I’ve recently received a number of emails from Leaving Cert students in the Irish Republic, researching a question on their forthcoming exam: ‘Profile two examples of how ecumenism is promoted by the members of Christian churches in Ireland today.’
First, I’m heartened that ecumenism – often considered a ‘minority sport’ among Christians in Ireland – is getting some sort of profile among the young through the Leaving Cert.
Back when my School conducted its surveys of religion in Ireland, the overwhelming response to our question – among people of all ages – about how to define ecumenism was bewilderment. Or wry references to the sitcom Father Ted: ‘That would an ecumenical matter!’
Second, it seems clear that my blog must feature when these students Google some combination of ‘ecumenism’ and ‘Ireland.’
I’ve been responding to students individually, but thought that it might be helpful to simply post (in no particular order) some pointers to groups and initiatives they might wish to profile. I add the caveat that because most of my research has been on Northern Ireland, and because I am based in Northern Ireland, my examples are disproportionately Northern.
‘In Joyful Hope’:
An ecumenical initiative among a group of clergy in Belfast, this is designed to give people the opportunity to experience an imperfectly ‘shared’ communion or Eucharist. Click here to access a further series of more detailed blog posts.
Visioning 21st Century Ecumenism Study:
The Irish School of Ecumenics conducted research for this study between 2009-2011, including surveys of clergy and laity which asked specifically about diversity, reconciliation and ecumenism. While publication of all the research material is not yet complete, insights can be gained by reading the reports on the lay and clergy surveys.
The Clonard-Fitzroy Fellowship, Belfast:
A partnership between Clonard Monastery and Fitzroy Presbyterian in Belfast, this group met regularly during the darkest days of the Troubles to promote understanding and friendship. It has been profiled in several books, including Religion, Civil Society and Peace in Northern Ireland by Brewer, Higgins and Teeney, Hope and Reconciliation in Northern Ireland by Ronald Wells, and Friendship Towards Peace by Ronald Wells.
The Dock Church, Belfast:
The Dock is the only existing ‘church’ in Belfast’s new Titanic Quarter, but it doesn’t claim a denomination or seek a church building. Modelled loosely on ecumenical chaplaincies at universities, the Dock has an inter-denominational staff (led by Church of Ireland Rev Chris Bennett) and has open air prayer walks on Sunday afternoons rather than church services. The Dock currently operates a café but hopes to purchase a boat that it can moor permanently in the area, which will serve as a café and community meeting point.
The 4 Corners Festival, Belfast:
The first 4 Corners Festival was conceived by a group of Christians who wish to promote unity and reconciliation in the midst of Belfast’s troubled past. The first was held during the Week of Prayer for Christian Unity in January 2013. Events were designed to entice people out of their own ‘corners’ of the city and into new places where they would encounter new perspectives, new ideas, and new friends. Events were intended to complement, not replace, already existing events that take place during the Week of Prayer for Christian Unity. (Students are advised to search this blog for further posts on 4 Corners events, and to consult the 4 Corners Facebook page.)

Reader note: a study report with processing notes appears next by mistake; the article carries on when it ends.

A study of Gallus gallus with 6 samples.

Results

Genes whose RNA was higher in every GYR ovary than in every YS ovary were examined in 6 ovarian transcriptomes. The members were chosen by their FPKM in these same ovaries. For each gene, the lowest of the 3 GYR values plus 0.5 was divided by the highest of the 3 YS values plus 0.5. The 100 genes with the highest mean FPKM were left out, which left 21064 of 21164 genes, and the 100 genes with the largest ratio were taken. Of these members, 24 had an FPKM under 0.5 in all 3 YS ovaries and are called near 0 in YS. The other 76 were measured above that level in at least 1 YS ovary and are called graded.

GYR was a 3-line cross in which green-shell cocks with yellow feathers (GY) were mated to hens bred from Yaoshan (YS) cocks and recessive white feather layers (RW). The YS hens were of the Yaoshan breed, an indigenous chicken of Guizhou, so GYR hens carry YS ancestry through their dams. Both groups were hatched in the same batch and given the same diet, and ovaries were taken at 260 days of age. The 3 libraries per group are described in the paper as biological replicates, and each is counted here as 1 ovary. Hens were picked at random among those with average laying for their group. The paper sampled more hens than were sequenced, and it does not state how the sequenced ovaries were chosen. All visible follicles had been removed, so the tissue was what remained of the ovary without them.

Education for Reconciliation programme:
This adult education programme was run by the Irish School of Ecumenics in Northern Ireland and the border counties for 15 years, and was designed to promote understanding and reconciliation among people from diverse religious backgrounds. Click here for a link to further resources about the programme.
Irish Churches Peace Project:
Beginning in 2013, this EU-funded project is designed to help the four ‘main’ churches (Anglican, Catholic, Methodist, Presbyterian) facilitate reconciliation and social justice at the grassroots, as well as to increase the churches’ voice in the public sphere. It is still too early to evaluate the project’s impact, but its development is interesting in and of itself.
Holy Cross Monastery Rostrevor, Co. Down:
This monastery was established in Co. Down around the turn of the century with a specific ecumenical mission and vocation: “The aim of the Community of Holy Cross Monastery is to live the monastic life, according to the charism of our Benedictine Congregation of Saint Mary of Monte Oliveto. Our particular mission is to contribute to reconciliation between Catholics and Protestants in a land marked by reciprocal violence and stained by the blood of Christian brothers and sisters.” Further information is detailed in a book by Fr Mark-Emphrem Nolan.
Learning to Think Together:
I have doubtless left out many obvious examples, so invite readers to add their own in the Comments section on this post. I also advise students to browse the ‘ecumenism’ tag on my blog to see if there is anything else that catches their fancy.
I also invite any students who access the resources on this blog to add a Comment, letting me know what they found helpful or even inspiring.